Hayashi, Fumio; (1982), “The Permanent Income Hypothesis: Estimation and Testing by Instrumental Variables” Journal of Political Economy; Vol. 90; October; pp. 895-916.
Ricardo, David; (1957), “Funding System” in P. Sraffa, ed., The Works and Correspondence of David Ricardo, Cambridge University Press, Cambridge.
Runkle, David E.; (1988), “Liquidity Constraints and the Permanent Income Hypothesis: Evidence from Panel Data” Federal Reserve Bank of Minneapolis, Nov.
Sargent, Thomas J., and Neil Wallace; (1981) “Some Unpleasant Monetarist Arithmetic” Federal Reserve Bank of Minneapolis, Quarterly Review, Fall, 1-17.
I thank Jeff Davis, Adrienne Cheasty, George Abed, Steven Symansky, Thomas Reichmann, Bob Traa, Luis Catão, Evan Tanner, Rina Bhattacharya, David Owen, James Wein, Alfred Kammer, Paul Mathieu, Arup Banerji, Valerie Mercer-Blackman, Dominique Desruelle, and FAD seminar participants for helpful conversations and suggestions. All errors are my own.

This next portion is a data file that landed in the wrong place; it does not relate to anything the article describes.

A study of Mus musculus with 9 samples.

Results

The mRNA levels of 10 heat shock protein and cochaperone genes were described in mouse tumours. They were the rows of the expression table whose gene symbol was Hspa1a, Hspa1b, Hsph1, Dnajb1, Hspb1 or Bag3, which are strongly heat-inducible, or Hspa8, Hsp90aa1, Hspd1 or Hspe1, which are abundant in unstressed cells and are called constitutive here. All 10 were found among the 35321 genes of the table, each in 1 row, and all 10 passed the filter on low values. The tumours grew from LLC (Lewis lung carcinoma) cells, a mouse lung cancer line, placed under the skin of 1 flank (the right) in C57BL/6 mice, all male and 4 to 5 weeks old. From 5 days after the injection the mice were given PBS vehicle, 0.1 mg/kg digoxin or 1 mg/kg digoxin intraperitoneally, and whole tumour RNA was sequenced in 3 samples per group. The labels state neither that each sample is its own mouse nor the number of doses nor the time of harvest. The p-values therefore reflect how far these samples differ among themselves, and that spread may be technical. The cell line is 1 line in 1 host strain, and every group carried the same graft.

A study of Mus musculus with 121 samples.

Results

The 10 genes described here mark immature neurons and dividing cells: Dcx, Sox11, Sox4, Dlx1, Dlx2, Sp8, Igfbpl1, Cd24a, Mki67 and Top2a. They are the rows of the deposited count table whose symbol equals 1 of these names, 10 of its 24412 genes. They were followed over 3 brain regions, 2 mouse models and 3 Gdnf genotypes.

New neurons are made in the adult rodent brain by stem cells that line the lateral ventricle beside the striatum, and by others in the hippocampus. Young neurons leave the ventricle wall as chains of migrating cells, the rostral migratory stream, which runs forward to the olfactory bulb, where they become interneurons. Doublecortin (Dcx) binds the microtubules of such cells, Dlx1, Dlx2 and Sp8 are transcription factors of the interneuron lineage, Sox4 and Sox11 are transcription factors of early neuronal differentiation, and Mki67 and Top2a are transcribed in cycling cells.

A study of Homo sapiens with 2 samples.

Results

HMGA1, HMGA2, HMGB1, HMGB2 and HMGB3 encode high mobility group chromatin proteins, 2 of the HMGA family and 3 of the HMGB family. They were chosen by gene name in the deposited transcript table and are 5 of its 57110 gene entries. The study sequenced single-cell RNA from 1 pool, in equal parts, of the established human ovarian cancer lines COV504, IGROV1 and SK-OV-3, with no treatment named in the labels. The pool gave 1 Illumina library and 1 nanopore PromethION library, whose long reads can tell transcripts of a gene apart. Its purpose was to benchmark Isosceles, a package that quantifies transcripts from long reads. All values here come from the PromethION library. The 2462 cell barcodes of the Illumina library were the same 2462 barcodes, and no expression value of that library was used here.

That is, there will be some fiscal consolidation in period two to provide some room for the payment of the newly assumed obligations.
I thank Paul Mathieu for suggesting this point to me.
When the government enacts the necessary transfer of funds to the bank.
Some of the BOCONs were later redeemed at a discount with the proceeds from the privatization of t h e state petroleum company, YPF.
“Russia Close to Sealing $26bn Debt Agreement;” Financial Times, October 1, 1997.
For simplicity I will assume that the borrowing and lending interest rates are identical.
In our example, the optimal quantities are given by:
They know with certainty the amount to be paid, whether it is total amount owed corrected for back inflation, or only partial payment.
The same result would be observed in an overlapping generations model with perfect capital markets, where there are no liquidity constrained agents, but where the old generation would sell the securities to the young generation.